I usually take and pick my two boys to and from school every day of the week. One morning, their stay-home sister asked me to bring her a chocolate cake. Upon return, she had to remind me of her request.

Just like children beg from their fellows, her brothers did the same, although we had agreed along the way that the chocolate cake would be for Deborah alone.

Nevertheless, they approached her for a bite. Tempt not a girl who is assertive and wants to prove a point to the boys that is she is not a joke! This time, she decided to set conditions. The fact that she is the youngest, she commanded respect from her elder brothers, who had to dance to her tunes.

“You will have to first do what I tell you if you want my cake,” she commanded. “You David, first go and remove your school uniform before I give you my cake; and you Dickson, you like beating me! Will you do it again?”

Dickson, the eldest boy, had to repent all his sins before he could get a share. I just watched in amusement. These youngsters always share together without stinting. But this particular time, the sister set up many tough conditions all of which can’t be narrated here.

I have come to appreciate the purpose of empowering children from childhood. If our children can master the art of self-confidence/awareness early, chances are they will not be easily manipulated by anyone.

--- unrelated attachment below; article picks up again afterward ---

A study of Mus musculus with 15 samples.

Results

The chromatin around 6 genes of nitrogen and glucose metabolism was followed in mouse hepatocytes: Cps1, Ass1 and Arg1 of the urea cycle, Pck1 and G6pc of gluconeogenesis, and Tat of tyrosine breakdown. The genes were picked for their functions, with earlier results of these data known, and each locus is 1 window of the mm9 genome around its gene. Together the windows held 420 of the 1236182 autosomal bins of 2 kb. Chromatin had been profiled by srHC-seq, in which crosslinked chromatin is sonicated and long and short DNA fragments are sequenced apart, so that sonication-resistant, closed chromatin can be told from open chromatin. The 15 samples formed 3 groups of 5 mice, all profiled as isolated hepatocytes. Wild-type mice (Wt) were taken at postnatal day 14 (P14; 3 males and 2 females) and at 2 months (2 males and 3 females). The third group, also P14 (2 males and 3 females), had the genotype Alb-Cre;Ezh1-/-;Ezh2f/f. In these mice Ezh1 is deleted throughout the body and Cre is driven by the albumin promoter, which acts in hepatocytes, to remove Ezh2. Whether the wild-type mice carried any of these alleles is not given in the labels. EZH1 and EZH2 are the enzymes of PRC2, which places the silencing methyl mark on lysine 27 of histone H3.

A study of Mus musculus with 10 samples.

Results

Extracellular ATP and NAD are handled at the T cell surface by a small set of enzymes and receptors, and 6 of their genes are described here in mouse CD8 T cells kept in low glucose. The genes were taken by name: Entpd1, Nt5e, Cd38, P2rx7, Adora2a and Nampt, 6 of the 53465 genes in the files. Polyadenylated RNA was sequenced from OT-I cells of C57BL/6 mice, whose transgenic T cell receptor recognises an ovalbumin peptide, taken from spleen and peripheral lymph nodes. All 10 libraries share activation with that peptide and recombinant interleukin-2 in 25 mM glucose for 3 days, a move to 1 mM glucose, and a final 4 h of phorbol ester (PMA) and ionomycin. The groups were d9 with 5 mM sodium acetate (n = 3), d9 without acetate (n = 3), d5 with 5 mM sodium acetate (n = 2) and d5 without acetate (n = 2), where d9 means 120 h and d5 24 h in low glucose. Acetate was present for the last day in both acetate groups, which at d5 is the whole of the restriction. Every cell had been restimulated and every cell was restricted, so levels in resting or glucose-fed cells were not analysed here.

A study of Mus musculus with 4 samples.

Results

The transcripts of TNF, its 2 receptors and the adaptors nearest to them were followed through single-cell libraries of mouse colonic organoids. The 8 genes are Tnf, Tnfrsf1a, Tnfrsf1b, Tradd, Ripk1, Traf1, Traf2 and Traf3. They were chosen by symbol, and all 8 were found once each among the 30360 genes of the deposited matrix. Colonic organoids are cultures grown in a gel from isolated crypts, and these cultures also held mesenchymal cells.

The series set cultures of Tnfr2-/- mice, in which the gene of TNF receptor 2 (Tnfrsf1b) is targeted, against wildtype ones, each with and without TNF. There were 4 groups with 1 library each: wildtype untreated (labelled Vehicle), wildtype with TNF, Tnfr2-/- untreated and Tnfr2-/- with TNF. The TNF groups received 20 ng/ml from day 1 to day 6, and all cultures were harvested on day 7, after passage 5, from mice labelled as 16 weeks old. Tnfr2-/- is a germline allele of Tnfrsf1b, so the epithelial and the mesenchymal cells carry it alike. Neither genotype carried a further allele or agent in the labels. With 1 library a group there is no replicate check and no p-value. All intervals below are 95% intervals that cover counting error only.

If such a girl is well-trained and nurtured, I would not be shocked if she tells me; “Daddy, I want to contest for presidency in future.”

This is on assumption that the infamous Raphael Magyezi bill is passed. At 36, she could achieve her dream.

If the presidential age limit is amended, my daughter could grow up with political ambitions to become a president at an early age. Because of her confidence, I have already started grooming her to become a politician. Hopefully, nothing will stop me from becoming a president’s dad!

It’s imperative for us as parents to keep an open mind to where our children’s interests lead them. Parents should be the source of encouragement, inspiration, motivation and leadership to their children. It’s only you to believe in your child’s dream and support it because the child already believes in her/himself.

Some of our children’s aspirations cannot be achieved without enough exposure to pertinent areas that suit their curiosity. For example, for my girl to become a president in future, minimum education qualification is senior six.

That means she must study. I should also interest her in reading biographies of some people like Martin Luther King Jr, Nelson Mandela and President Museveni, among others.
Fellow parents, leaders are raised now, not tomorrow! With my daughter’s confidence, this song of ‘children are leaders of tomorrow’ can’t be sung in my compound.